When you can’t pay your rent you fall into arrears. If it continues for more than two months your landlord can begin proceedings to evict you, so it is important to address the problem as soon as you can. There are several steps you can take to help if you are in this position.
During the coronavirus pandemic the government suspended evictions during each lockdown, so check what the current situation is.
Talk to your landlord
In the first instance you should tell your landlord or letting agent about the challenges you are facing. The more open and honest you are the more likely they will be to work with you towards a solution you are happy with.
They may agree to a repayment plan. That means you’ll make smaller payments over a longer period of time. For example if your rent is £500 and you’ve missed one month, you could pay £100 a month for the next five months. You would be paying this on top of your usual rent, so you need to be sure you can afford any plan you agree to.
To help you negotiate a payment plan put together a financial statement. This is a list of all your outgoings and incomings. This will show how much you have left after covering your rent and other living costs, and therefore how much you can contribute to your arrears. If your landlord doesn’t agree to your offer, it will provide evidence to a court that you were trying to find a solution.
If you agree to a plan, put it in writing so all sides know where they stand. In some cases, a landlord may agree to a temporary reduction of rent to help you through a difficult time.
Accessing extra support
Even if you come to an agreement with your landlord you will still need to find a way to pay the negotiated amount.
If you have lost your job or your income has been reduced, you may be eligible for benefits such as Universal Credit, Housing Benefit, Jobseekers Allowance and Income Support. You can use sites such as entitledto to find out what help you can access.
If you already receive benefits you can ask for some of your benefits to be paid straight to your landlord to cover any arrears. You can also apply for extra funding.
For example, you could be eligible for a budgeting loan if you’ve been receiving benefits for more than six months. This is a government loan that you can use for one off costs such as paying rent in advance or moving fees. You only pay back what you borrow and repayments are deducted from your benefits. Discretionary housing payments are also available if your benefits are not enough to cover your rent.
Charities such as Turn2Us also offer grants to people in financial difficulty. And there are lots of organisations that will give you free debt and housing advice.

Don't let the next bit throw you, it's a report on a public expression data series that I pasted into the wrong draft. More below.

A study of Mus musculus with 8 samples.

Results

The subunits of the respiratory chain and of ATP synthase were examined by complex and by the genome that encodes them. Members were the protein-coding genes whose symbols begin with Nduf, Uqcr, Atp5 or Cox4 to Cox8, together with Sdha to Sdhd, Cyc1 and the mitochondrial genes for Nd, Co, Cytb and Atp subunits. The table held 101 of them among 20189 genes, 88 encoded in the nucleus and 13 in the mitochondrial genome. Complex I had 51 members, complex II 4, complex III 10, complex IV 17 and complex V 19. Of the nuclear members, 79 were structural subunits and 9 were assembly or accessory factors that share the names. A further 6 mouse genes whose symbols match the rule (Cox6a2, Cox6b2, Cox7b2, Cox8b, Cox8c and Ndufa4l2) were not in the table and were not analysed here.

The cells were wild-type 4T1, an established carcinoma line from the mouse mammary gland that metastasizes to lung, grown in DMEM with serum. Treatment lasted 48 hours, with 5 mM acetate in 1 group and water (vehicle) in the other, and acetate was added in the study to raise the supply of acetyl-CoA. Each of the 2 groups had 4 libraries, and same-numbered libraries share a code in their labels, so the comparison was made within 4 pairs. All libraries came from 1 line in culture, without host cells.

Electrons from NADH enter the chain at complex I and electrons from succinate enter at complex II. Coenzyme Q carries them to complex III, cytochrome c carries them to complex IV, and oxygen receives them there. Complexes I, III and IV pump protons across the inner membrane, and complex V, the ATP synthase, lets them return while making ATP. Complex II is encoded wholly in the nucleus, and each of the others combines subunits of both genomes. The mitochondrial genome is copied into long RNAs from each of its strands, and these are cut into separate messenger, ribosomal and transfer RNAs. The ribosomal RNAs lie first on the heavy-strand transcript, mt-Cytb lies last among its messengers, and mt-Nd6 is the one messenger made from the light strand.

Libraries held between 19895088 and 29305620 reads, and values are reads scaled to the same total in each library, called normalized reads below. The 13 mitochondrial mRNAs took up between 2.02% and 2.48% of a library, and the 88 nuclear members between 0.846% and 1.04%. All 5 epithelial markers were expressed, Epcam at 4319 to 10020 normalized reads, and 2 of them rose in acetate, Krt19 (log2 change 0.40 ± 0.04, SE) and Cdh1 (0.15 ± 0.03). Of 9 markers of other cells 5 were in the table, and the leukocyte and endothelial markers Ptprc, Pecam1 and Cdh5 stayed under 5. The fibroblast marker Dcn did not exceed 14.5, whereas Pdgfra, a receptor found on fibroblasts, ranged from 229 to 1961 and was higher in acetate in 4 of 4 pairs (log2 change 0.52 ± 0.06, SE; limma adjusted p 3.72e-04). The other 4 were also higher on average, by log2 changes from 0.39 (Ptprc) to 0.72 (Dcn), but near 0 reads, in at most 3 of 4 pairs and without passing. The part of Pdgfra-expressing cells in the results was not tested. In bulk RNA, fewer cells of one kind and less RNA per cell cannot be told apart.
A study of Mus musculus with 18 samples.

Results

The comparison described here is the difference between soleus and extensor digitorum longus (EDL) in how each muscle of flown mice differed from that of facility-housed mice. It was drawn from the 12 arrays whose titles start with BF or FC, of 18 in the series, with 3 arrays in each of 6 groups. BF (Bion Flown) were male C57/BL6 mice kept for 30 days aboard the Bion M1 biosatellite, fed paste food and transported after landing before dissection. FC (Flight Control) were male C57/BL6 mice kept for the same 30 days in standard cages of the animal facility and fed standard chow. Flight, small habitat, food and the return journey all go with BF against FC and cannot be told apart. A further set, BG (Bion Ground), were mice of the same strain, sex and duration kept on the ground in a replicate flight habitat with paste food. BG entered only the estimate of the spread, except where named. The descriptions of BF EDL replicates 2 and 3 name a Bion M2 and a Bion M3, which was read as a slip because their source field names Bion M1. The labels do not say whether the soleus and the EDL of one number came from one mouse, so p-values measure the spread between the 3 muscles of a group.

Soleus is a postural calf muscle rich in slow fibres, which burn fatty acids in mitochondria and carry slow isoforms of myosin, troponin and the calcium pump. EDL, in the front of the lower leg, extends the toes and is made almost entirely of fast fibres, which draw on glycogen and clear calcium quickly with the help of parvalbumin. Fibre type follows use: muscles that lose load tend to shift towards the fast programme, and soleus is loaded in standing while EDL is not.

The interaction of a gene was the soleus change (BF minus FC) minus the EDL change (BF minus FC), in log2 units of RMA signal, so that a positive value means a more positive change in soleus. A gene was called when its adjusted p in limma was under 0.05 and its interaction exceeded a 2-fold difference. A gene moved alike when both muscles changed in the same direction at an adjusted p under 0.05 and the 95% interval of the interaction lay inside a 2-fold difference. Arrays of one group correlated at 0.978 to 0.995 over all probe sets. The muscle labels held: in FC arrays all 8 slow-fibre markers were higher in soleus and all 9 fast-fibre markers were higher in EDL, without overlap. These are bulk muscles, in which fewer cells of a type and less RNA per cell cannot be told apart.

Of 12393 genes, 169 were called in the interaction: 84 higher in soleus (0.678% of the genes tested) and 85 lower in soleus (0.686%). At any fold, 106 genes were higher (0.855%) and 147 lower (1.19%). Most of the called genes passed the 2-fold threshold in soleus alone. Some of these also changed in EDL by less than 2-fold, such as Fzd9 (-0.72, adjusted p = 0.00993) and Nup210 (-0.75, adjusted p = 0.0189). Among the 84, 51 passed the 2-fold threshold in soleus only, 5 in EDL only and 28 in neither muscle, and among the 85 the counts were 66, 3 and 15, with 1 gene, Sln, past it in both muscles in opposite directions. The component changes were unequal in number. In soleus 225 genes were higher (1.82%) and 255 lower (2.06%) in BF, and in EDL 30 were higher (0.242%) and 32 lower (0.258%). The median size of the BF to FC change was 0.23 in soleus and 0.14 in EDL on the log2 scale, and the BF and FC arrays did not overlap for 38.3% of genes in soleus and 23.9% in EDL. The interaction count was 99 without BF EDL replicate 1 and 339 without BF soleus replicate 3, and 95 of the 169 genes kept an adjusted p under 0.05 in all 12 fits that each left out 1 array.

Other options to consider
Do you have friends or family who are able to give you an interest free loan? Although it may be a difficult conversation, close relatives will often be keen to help.
Or, if you have a spare room in your rented house, could you find a lodger to help share the cost? You would need to run this by your landlord, but they’ll probably be happy to accept it if it means their income will be secured.
Even if these options aren’t available to you, it is possible to reduce your expenditure by careful budgeting, you may also be eligible for a council tax discount.
Dealing with debt
Of course, in some circumstances you will find it impossible to cover your rent. If this is the case, avoid taking out a short-term loan if you can. This will only add to your debt problems, especially if you do not have an income to cover the repayments.
As we mentioned above, talking to a debt charity is the best place to start. They will help you assess all your options and find a solution that works for you, these include:
- Debt management plans, which help you repay your debt by making lower monthly payments.
- Debt relief orders, these can be used to write off small debts if you have low income and few assets.
- Individual voluntary arrangements, a form of insolvency that helps you pay off what you can afford.
- Bankruptcy, which writes off all your debt but is likely to result in you losing all your assets.
Working with us
If you own a home but are living in and renting another property, selling to us is an option. Perhaps you had to move for work and couldn’t find a buyer or wanted to upsize your home without committing to a larger mortgage. Or perhaps you are recently divorced and share a property with your former spouse.
In these situations, one quick and simple way to bring financial stability is to sell your home. This will give you the breathing space to continue renting while you decide what to do next.
We can buy your house in just seven days if necessary and once we have agreed on a completion date we always stick to it. Not only will you swiftly have access to funds from the sale, but your mortgage payments will also stop. In addition, we don’t use estate agents so you do not have to pay their fees, and we instruct and pay for solicitors.
Get in touch to find out how we can help you.